6/29/2012 11:48 AM
My husband and I are novice sailors, and recently took a long weekend cruise further south than we'd ever sailed before. What started as a pleasant jaunt soon had us making nervous jokes about Gilligan's Island. This trip tested our knowledge of how to make a relationship work. A combination of uncooperative winds, unfamiliar waters, rough waves, a late start in the day and a gross underestimation of our travel time resulted in us being out in open water long after we'd planned to be safely anchored for the night. A cove recommended by a friend turned out to be completely blocked by a sandbar. The charts showed an anchorage off Egmont Key, but failed to mention randomly piled shoals around the channel waiting to ground out your boat. We found ourselves navigating three to five foot waves on a moonless night, surrounded by tankers and barges that would never notice if they ran us down.
As waves tossed our boat, I began to wonder whether we would suffer serious damage, or even have to call the Coast Guard for help. I donned a life vest and kept the handheld radio close while my husband tried to steer into the waves. Throughout the crisis, I did my absolute best to stay calm and collected. Thinking back on our little adventure, I can see a lot of pointers for how to make a relationship work well, even during rough times.
The saying "Calm waters do not make skilled sailors" is a cliche for a reason. Literal rough waters teach you the most about how to pilot a boat, and successfully navigating figurative ones teach you how to deal with crises in relationships. Some of what got us through:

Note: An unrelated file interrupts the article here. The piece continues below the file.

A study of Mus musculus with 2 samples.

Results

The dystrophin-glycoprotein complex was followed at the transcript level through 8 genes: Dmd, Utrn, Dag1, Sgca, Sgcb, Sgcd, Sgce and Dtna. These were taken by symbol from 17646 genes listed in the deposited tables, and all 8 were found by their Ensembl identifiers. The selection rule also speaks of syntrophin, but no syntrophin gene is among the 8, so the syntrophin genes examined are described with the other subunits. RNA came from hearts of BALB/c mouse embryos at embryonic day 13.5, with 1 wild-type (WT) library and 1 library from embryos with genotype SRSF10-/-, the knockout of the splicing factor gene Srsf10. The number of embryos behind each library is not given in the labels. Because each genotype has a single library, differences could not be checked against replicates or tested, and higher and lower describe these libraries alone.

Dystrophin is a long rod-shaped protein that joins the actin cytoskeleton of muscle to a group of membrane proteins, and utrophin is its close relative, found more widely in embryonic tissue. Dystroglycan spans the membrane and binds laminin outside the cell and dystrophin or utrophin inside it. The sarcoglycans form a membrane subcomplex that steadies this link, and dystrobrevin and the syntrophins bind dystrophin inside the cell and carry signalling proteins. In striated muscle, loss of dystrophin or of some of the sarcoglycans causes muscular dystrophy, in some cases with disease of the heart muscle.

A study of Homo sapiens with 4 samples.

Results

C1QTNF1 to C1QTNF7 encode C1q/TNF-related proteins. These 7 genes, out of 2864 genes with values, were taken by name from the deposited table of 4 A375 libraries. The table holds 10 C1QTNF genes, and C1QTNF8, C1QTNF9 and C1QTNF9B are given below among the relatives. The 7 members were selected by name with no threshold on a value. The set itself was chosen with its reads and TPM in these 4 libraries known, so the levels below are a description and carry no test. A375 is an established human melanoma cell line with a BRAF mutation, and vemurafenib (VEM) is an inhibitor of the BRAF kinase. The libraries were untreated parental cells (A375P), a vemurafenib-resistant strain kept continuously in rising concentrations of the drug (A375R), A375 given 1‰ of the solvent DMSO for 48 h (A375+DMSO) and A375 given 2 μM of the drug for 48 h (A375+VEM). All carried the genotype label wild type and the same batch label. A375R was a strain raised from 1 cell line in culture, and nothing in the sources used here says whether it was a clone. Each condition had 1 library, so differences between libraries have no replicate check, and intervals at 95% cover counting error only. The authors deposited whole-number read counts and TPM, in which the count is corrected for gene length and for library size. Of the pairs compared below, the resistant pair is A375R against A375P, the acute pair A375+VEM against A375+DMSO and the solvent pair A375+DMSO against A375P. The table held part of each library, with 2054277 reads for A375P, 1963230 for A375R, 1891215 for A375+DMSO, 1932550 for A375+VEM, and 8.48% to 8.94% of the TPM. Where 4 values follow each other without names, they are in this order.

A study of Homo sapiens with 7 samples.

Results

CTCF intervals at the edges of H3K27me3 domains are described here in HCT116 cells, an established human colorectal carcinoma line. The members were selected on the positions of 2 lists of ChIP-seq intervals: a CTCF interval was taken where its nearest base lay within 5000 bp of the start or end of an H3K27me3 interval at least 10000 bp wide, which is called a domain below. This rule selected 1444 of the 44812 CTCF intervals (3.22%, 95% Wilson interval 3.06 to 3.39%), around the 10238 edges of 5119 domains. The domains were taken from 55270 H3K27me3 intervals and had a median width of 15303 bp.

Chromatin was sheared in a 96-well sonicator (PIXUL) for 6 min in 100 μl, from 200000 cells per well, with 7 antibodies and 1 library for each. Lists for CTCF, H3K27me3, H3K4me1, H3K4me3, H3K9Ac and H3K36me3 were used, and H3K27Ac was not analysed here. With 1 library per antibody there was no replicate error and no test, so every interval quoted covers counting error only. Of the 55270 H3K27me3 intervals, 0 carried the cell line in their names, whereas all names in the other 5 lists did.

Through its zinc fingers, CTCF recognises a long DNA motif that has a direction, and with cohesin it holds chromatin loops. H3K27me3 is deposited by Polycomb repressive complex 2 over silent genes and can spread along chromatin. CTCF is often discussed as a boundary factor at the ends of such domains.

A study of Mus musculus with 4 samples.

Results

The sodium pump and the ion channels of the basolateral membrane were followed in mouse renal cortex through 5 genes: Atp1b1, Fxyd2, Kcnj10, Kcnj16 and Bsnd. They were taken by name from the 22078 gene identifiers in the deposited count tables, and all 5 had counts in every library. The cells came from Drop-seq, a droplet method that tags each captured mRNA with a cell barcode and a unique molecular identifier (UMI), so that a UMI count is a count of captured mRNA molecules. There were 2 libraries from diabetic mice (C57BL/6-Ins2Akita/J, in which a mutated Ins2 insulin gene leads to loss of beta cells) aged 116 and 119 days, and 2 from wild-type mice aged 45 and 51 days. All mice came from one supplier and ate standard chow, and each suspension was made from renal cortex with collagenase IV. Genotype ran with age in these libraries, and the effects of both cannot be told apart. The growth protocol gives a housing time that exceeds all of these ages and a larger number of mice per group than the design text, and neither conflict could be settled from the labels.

- We didn't lay blame on each other for the situation. The only thing blame is good for is punishing your partner, which is just about the least productive thing you can do in a relationship crisis. Whether or not it's somebody's fault, the situation exists, and all there is to do is get through it.
- We managed to keep our sense of humor. My husband actually made a small joke that got us both giggling, despite the fact that I was nearly in tears because of worry over our safety.
- We adapted as plans fell through and options failed to pan out. The cove was inaccessible, so we headed for the anchorage. The anchorage was plagued by large waves that could capsize our boat, so we started heading for the bay. Each of us scanned the charts for safe places to moor, suggesting solutions to one another.
- We realized that, no matter what, we'd get through it. Part of navigating a crisis, whether on the sea or in a relationship, is knowing that, no matter what, you will find a way to cope.
Our perseverence got us through the rough waters. We discovered a calm cove northwest of the bridge, anchored, and crawled into the V-Berth together to catch some sleep and refresh our tattered nerves. In the morning, we woke to gently lapping waves on the hull instead of nightmare crashes. Navigating your relationship through a crisis intact can only make your commitment stronger. Keeping calm and remembering to take care of the one you love is a big part of how to make a relationship work.